You can add architectural interest to your home by softening a few of its right angles with curved archways. Although it is a normally rigid material, drywall you can wet drywall and manipulate it from its usual flat state to bend along an archway. The drywall is then secured to the framing of the home and allowed to return to its original hardness with the contour of the arch locked in place.
Stand underneath the arch and measure the distance from the outside edge of the framing on one side to the opposite wall of the other side to determine the width of the piece you need cut down. Save this measurement.
Measure the length of the piece as well. Press the tape measure against the start of the arch on either the left or right side of the archway, and push the tape up into the arch of the doorway all the way to the other side and save that measurement.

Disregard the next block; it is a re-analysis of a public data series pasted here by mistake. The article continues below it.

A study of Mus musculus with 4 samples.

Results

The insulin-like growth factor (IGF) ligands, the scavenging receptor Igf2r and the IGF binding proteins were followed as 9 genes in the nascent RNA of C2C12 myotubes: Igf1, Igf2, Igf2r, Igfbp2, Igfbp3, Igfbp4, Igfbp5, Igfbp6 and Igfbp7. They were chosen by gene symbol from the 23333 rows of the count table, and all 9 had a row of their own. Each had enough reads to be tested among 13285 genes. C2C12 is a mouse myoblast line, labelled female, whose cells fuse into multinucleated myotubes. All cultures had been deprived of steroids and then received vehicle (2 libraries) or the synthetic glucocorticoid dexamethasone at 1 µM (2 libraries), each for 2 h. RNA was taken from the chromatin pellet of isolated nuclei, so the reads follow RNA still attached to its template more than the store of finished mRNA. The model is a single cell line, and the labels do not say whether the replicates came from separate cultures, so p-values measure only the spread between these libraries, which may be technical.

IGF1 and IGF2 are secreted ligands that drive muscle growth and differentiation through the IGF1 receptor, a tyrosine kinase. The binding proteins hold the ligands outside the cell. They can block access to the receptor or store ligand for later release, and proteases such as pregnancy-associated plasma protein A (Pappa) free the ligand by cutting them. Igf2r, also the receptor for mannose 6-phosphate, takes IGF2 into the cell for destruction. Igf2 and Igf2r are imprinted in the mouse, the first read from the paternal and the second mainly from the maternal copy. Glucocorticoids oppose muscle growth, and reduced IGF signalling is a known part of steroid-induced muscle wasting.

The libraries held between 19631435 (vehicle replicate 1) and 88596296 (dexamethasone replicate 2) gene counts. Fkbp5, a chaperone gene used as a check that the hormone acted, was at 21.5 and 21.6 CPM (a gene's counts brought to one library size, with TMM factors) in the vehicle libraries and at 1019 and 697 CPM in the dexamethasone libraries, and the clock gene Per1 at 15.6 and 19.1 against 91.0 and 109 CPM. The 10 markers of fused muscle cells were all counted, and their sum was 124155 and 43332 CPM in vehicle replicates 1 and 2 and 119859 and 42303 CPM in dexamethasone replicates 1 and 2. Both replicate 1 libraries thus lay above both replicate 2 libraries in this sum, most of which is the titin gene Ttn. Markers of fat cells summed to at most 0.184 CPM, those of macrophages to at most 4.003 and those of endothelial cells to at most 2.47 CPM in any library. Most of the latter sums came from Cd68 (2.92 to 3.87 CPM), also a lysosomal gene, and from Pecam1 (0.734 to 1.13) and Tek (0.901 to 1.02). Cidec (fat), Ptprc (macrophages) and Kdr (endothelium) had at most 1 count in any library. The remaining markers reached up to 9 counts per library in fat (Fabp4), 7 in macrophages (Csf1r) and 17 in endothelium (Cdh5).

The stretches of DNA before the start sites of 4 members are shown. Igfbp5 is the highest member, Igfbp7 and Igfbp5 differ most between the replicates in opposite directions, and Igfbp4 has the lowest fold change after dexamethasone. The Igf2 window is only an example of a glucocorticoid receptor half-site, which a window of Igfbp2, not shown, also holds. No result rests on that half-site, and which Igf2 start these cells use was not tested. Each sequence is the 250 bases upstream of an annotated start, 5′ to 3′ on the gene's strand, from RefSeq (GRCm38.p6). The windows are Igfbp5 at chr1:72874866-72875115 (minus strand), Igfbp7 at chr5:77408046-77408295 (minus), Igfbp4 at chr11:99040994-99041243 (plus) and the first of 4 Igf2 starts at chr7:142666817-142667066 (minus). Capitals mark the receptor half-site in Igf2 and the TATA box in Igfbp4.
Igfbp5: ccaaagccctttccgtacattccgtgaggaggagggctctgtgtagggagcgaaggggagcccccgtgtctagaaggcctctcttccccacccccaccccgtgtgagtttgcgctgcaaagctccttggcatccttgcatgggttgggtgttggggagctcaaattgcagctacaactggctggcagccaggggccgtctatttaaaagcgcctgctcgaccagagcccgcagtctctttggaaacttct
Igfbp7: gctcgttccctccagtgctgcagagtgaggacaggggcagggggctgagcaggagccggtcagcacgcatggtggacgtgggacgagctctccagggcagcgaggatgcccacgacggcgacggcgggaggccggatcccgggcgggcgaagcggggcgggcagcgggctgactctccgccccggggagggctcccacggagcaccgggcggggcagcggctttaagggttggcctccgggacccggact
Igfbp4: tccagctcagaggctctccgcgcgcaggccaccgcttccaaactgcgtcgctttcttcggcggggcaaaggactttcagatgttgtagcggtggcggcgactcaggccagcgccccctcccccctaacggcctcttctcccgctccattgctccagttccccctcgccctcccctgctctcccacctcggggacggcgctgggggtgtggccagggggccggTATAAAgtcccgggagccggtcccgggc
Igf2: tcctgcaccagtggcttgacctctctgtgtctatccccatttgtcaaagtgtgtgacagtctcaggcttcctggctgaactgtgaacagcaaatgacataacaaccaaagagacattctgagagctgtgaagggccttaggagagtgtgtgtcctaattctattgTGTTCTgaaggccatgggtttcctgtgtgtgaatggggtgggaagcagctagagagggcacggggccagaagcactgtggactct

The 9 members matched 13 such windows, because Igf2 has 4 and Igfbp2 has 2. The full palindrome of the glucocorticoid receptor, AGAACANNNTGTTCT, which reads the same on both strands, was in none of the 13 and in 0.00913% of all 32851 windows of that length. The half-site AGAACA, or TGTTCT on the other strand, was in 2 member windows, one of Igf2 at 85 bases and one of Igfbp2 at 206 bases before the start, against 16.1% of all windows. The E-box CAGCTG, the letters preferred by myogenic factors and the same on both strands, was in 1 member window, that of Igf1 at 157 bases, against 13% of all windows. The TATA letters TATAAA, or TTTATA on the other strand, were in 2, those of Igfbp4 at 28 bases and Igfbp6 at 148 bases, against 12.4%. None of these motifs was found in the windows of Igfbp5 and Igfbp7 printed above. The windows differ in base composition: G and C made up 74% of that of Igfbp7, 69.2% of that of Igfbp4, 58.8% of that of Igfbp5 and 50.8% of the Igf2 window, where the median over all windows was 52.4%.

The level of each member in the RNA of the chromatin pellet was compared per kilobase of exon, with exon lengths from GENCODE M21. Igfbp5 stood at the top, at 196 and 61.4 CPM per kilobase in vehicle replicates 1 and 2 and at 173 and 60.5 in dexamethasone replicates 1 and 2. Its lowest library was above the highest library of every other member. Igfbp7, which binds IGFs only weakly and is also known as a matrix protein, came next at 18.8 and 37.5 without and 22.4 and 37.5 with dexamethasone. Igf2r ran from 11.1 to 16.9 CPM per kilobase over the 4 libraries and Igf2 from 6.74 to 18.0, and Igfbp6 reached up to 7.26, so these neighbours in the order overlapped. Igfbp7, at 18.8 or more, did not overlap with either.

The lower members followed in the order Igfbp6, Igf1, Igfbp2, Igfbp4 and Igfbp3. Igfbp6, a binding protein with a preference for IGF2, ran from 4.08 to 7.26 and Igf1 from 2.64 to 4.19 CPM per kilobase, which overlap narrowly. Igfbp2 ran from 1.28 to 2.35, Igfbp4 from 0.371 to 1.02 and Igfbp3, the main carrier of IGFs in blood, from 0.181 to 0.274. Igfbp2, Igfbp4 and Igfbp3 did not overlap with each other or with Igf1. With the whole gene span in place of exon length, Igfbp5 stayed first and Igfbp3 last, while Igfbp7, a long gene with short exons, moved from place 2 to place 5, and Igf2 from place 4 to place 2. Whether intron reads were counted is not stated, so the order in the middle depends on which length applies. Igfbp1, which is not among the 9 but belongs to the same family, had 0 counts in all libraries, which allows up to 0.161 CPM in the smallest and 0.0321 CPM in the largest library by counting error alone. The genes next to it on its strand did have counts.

Put on your safety gear. Mark your piece of drywall according to your measurement. Place the blade on the pencil mark, line the T-square up with the edge of the drywall and pencil mark, and press your blade into the drywall sheet the length of the square. If necessary, flip the square around to the other side of the board to guide your blade for longer cuts. Snap the drywall in two by applying pressure along the cut area.
Spray the back of your piece of drywall with the water bottle until the entire surface is damp. Allow it to sit for at least five minutes or until the piece becomes pliable.
Press the piece of drywall into place and gently force it to follow the curve of the arch. Work with a companion for best results to hold the board in place.
Secure the drywall to the wooden framing with drywall screws. Start at the top of the archway and work your way down each side independently, pressing the damp drywall against the arch of the framing and screwing it down every 3 to 4 inches -- wherever there is a block supporting the wooden framework of the arch.